Politics

Liberals begin national security review with release of discussion paper

The Liberal government will launch the public phase of its long-awaited national security review Thursday with the release of a discussion paper.

Review will deal with problems Liberals have identified with former Conservative anti terror law C-51

Public Safety Minister Ralph Goodale says the government is open to an expansive revamp of national security legislation and policy, not just the handful of promised changes. (Adrian Wyld/Canadian Press)

The Liberal government will launch the public phase of its long-awaited national security review Thursday with the release of a discussion paper.

The government has promised to repeal what it calls the problematic elements of omnibus security legislation, known as Bill C-51, ushered in by the previous Conservative government.

The Liberals also plan to introduce new measures they say will do a better job of balancing collective security with rights and freedoms.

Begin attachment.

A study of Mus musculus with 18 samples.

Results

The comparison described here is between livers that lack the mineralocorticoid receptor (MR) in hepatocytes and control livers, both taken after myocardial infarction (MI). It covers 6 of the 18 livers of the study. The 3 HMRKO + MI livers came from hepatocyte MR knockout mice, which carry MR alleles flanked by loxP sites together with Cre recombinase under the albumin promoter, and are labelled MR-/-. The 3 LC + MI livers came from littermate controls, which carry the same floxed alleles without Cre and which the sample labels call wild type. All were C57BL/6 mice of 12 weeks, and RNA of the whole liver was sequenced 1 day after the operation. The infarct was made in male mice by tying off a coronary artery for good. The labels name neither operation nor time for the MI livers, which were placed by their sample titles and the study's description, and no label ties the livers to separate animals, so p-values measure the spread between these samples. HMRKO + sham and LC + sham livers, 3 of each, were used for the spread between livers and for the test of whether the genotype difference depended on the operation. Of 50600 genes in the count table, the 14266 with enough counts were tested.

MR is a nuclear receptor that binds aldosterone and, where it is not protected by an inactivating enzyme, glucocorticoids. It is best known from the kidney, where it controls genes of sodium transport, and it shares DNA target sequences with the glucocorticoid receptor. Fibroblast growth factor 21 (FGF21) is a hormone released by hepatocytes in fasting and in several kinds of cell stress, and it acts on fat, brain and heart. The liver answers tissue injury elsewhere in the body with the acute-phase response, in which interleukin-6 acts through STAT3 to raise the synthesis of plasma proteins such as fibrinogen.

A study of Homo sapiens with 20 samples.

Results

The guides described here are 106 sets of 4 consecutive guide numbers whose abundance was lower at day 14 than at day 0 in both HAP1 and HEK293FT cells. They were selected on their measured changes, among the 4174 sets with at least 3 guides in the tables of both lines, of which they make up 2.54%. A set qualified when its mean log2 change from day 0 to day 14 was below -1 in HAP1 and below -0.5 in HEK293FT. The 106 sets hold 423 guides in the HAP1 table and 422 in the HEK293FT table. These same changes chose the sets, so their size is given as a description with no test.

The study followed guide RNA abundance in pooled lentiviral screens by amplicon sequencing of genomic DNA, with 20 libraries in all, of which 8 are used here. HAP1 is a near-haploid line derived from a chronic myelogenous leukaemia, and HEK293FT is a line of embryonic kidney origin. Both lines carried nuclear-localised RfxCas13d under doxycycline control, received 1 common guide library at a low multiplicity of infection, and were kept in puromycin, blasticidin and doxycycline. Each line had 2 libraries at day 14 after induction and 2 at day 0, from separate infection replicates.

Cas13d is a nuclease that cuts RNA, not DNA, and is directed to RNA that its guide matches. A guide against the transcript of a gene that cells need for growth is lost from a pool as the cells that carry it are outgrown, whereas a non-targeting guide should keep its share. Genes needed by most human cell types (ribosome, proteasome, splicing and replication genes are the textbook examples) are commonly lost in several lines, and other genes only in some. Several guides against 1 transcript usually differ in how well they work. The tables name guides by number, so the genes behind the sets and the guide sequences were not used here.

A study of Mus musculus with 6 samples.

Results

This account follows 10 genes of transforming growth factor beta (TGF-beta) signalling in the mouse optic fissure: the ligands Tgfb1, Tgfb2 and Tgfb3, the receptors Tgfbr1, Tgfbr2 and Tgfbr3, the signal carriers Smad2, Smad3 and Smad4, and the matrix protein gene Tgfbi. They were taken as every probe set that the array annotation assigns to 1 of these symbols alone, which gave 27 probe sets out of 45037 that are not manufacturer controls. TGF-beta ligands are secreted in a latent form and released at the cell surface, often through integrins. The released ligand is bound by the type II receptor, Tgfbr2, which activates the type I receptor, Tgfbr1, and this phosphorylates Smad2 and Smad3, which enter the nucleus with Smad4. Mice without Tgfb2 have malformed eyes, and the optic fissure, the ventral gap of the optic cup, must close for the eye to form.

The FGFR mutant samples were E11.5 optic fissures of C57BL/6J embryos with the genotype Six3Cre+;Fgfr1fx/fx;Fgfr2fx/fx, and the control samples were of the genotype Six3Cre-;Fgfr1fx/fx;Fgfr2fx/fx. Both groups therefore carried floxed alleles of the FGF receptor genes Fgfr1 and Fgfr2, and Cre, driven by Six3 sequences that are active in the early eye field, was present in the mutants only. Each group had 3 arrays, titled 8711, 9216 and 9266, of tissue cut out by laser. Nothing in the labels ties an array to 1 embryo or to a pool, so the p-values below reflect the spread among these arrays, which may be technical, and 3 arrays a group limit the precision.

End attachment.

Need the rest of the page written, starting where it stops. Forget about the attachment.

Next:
Among other things, the government has pledged to ensure all Canadian Security Intelligence Service warrants respect the Charter of Rights and Freedoms.

This could roll back new provisions allowing CSIS to disrupt terror plots through tactics that breach the charter as long as a judge approves.

Public Safety Minister Ralph Goodale has said the government is open to an expansive revamp of national security legislation and policy, not just the handful of promised changes.

Goodale and Justice Minister Jody Wilson-Raybould are slated to discuss the consultation at a news conference Thursday in Edmonton.

They will release a discussion paper as well as a lengthy background document outlining national security issues.